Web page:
Monday, April 2, 2012

Misplaced Muscle - April 2012

By Kreg Dobzinski

Suddenly, that hold seems closer than before and you know the move is within your reach. All you have to do is just try a bit harder. Push it just a little. Your fingers crank down hard on that mere sliver of a hold, your feet scramble, you forget to breath and then - SNAP. Searing pain shoots through your hand as you land with your back to the mat. Yep, you’re injured.

If you have been climbing for even a small amount of time, it would be surprising if you have not yet experienced an injury related to the activity. In fact, it would be suspicious and you should probably determine if you are human with a certified medical professional. Speaking of which, I am not one myself. Although, I have certainly had my fair share of ailments and have also partaken of a slew of suggested or researched remedies.

One great resource I’ve found is Dave MacLeod’s blog. He is an extremely talented British climber who has done all sorts of impressive ascents in the UK and abroad - of which you can read on his main blog. A recent interesting injury discussion deals with complete rest or gradual limited climbing as a better method for treatment of pulleys in the hands. He has a well articulated argument:

"In the earliest stages of injury rehab, where the tissue is extremely weak, inflamed and possibly swollen, even the lightest use risks further damage. However, this stage is extremely short - a few days or weeks at most. After this, lay-off is actually contributing to loss of tissue health. Even moderate activity tends to be enough to maintain strength in muscle or tendon. But inactivity causes it to lose strength rapidly. When the tissue is immobilized, the rate of atrophy is positively frightening."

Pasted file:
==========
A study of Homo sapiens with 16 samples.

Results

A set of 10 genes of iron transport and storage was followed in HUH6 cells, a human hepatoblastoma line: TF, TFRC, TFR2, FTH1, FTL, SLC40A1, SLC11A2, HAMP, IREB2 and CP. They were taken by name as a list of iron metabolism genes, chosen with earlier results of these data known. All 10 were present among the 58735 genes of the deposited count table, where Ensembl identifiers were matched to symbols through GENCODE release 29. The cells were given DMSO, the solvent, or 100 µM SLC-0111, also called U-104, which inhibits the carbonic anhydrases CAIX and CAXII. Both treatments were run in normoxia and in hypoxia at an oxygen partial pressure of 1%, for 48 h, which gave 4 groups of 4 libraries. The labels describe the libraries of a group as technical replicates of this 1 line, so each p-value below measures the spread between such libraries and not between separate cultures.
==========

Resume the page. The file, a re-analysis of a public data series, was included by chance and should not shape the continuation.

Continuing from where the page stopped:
Of course, this is what every climber wants hear, but he is not suggesting rampaging back up the V-grades using the same methods that got you into this predicament in the first place. Instead, very simply - climb different. This method of climbing while hurt actually requires more concerted effort than laying-off it for a while completely. It necessitates a change in habits and a real push to tackle known weaknesses. Also, suck it up and call a proper doctor who would really know what to do with the typical climber’s misshapen limbs and torso. It is entirely possible they would be able to discover the physiological source of some of your muscular imbalances.

Once you get healthy, how do you stay that way? Well, in my own experience a real effort toward warming the tendons up completely and staying hydrated has gone the longest way in preventing injury. Additionally, I have noticed that most of my injuries occurred when I was simply not paying attention to what my body was trying to signal. Again, I am no expert, so I jaunted over to where they also have a section dedicated to injury. I mean, it is the least they could do since they probably sold you the holds that you hurt yourself on in the first place.

" 1. Don’t climb to exhaustion. Many acute injuries occur toward the end of a day of maximal climbing: Do you really need to lap (or flail up) that “training route” or project again?

2. Don’t climb and/or train more than 4 days per week. Overtraining will get you injured, so plan your rest days: Taking enough rest days is a sign of a mature climber.

3. Maintain muscle balance by training the antagonist muscles of the arms and upper torso: Two days per week of light “push muscle” training is a great insurance policy. Stretching is also vital, particularly pre-climbing stretching of the forearms and shoulders.

4. Regularly vary the type of climbing to vary the wear and tear on your body. Specialists tend to get injured most often: This is especially true for beginners who focus on a single type of climbing (e.g. bouldering, steep sport routes, or what have you). Diversifying your climbing is also a great investment in your technical abilities–you’ll become a better climber for it.

5. Focus on improving technique over maximizing strength: Obsessive training will end in injury (see Tip #2). Conversely, improving technique will enable you to make the most of the strength you already possess. Do you climb more like an old Buick or a Honda? "

All of the great suggestions above have a common need for discipline. Most of the time your injury is the result of inattentive climbing or glaring neglect in a certain aspect of your training. Undoubtedly, there are times when it could not have been avoided due to natural forces or frail holds, yet this only further underscores the need for both avoiding injury through both a well-rounded training routine and a regimented recovery program when the inevitable does occur.